After leaving the corporate world at the end of last year when Dr. SoS began building her private practice, a fellow small business owner recommended that she read the book Profit First by Mike Michalowicz. Since I manage our home finances and Dr. SoS figured I might be able to help with her business finances, she suggested that I read the book, as well.
One benefit of living in a city that has more highway miles per capita than any other city in the world is that I have several long driving commutes each week. While driving, I am able to complete an audio book in a week or two. I listened to Profit First in a week and enjoyed it immensely. I would highly recommend it to any business owner to realize profits while intelligently growing your business.
At some point, I will provide reviews for the numerous books I read, but today I want to share a topic from the book that I noticed relates very well to a recent situation in our household. You are going to think I am crazy for a moment, but keep reading and it will all make sense shortly.
Have you ever had a tube of toothpaste that is nearly empty and you do not have a new one to immediately replace it? Then in your busy life you kept forgetting to pick up another tube at the store? How is it that we can twist, squeeze, and roll that tube for a week or more before we finally have to give up and buy a new tube? I personally think it is due to The Matrix, but I digress.
Money has been tight in the SoS household this year. We are doing whatever we can to save. Ever since we married in 2013, we rarely ate at restaurants. A large family meal out was an expense that we chose to not afford. After we both changed careers, we knew our disposable income would be even less. That meant that eating out, however infrequent, was one of the first expenses to go.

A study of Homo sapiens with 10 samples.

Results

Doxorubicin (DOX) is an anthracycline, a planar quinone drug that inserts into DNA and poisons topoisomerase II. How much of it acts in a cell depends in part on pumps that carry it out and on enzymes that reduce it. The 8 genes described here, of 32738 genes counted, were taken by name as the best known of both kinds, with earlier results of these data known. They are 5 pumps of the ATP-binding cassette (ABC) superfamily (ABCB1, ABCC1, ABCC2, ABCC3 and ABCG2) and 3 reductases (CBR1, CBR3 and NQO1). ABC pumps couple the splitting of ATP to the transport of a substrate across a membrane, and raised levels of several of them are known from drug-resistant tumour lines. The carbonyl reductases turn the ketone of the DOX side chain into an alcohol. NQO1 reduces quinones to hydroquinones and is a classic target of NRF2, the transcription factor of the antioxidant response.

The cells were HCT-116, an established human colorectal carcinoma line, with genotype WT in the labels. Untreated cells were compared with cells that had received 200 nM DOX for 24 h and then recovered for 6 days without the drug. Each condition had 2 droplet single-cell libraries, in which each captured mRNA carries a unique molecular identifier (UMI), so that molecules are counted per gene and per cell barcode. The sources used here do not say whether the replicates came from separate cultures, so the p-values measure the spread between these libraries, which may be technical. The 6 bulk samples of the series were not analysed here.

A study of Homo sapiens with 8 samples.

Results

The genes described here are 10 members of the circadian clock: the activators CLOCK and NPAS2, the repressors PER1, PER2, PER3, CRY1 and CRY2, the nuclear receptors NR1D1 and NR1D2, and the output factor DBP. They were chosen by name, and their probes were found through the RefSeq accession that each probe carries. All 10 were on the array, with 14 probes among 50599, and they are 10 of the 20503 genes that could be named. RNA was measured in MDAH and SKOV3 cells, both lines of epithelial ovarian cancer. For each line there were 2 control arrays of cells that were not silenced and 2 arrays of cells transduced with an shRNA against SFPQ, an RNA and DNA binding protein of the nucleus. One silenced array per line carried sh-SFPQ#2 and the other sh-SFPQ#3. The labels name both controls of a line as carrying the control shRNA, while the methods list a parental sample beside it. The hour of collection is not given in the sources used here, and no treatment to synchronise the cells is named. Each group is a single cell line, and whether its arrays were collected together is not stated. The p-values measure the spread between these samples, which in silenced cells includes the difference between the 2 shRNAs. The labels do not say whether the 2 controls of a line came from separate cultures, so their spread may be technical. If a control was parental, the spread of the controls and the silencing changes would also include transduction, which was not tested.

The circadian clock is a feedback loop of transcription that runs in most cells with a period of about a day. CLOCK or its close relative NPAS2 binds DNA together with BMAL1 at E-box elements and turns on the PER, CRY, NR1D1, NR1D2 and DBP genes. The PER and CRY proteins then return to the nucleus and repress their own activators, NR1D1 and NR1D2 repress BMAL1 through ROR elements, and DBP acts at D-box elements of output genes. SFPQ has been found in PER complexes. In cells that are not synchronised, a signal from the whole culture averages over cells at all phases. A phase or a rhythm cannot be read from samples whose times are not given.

After looking through our finances the other day, I mentioned to Dr. SoS that she is rocking our food budget for the month. With 60% of July complete, thus far we only spent 30% of what we spent on groceries in June. I thought the numbers were incorrect, but she assured me they were not. I asked her how she did it? She explained her secret. When our two oldest kids lived in the house with us, we purchased food in bulk. With three kids left in the house, we still purchase food at Costco, but we are much more selective with the quantity. Last year, we also purchased a third of a grass fed cow both as a healthier alternative to regular store purchased beef and to save money. She further explained that she took inventory of the food we have in our freezer, refrigerator, and pantry, and after beginning our Zero Day Spending challenge, she began planning meals more mindfully and only purchased fresh fruits and vegetables to round out our meals.
My mind drifted back to the tube of toothpaste except instead of a toothpaste tube we are squeezing the freezer, refrigerator, and pantry until they are empty. We are using the food we have rather than buying more. Although simple in practice, this was something I thought worthy of sharing with others.
How can you use this in your personal finance? We love to eat out, but over the years we learned to make delicious meals at home. Cooking frequently at home made us very good cooks. You can do the same thing. It just takes practice. After you stop eating out, the biggest change you can make is using the food resources you have before buying more. Once you do that, just buy what you need. Throwing away food you do not eat or that goes bad is the same as throwing your hard-earned money in the trash or down the drain.
What do you think? Are there other areas in your life where you could twist, squeeze, and roll the toothpaste tube a little more and keep from buying another tube? Let us know. We would love to hear about them.
Keep on Squeezing!
P.S. An alternate great thing to do is to hug and squeeze the ones you care about in your life. I recommend you stop what you are doing and go do that right now. You will thank me for it later.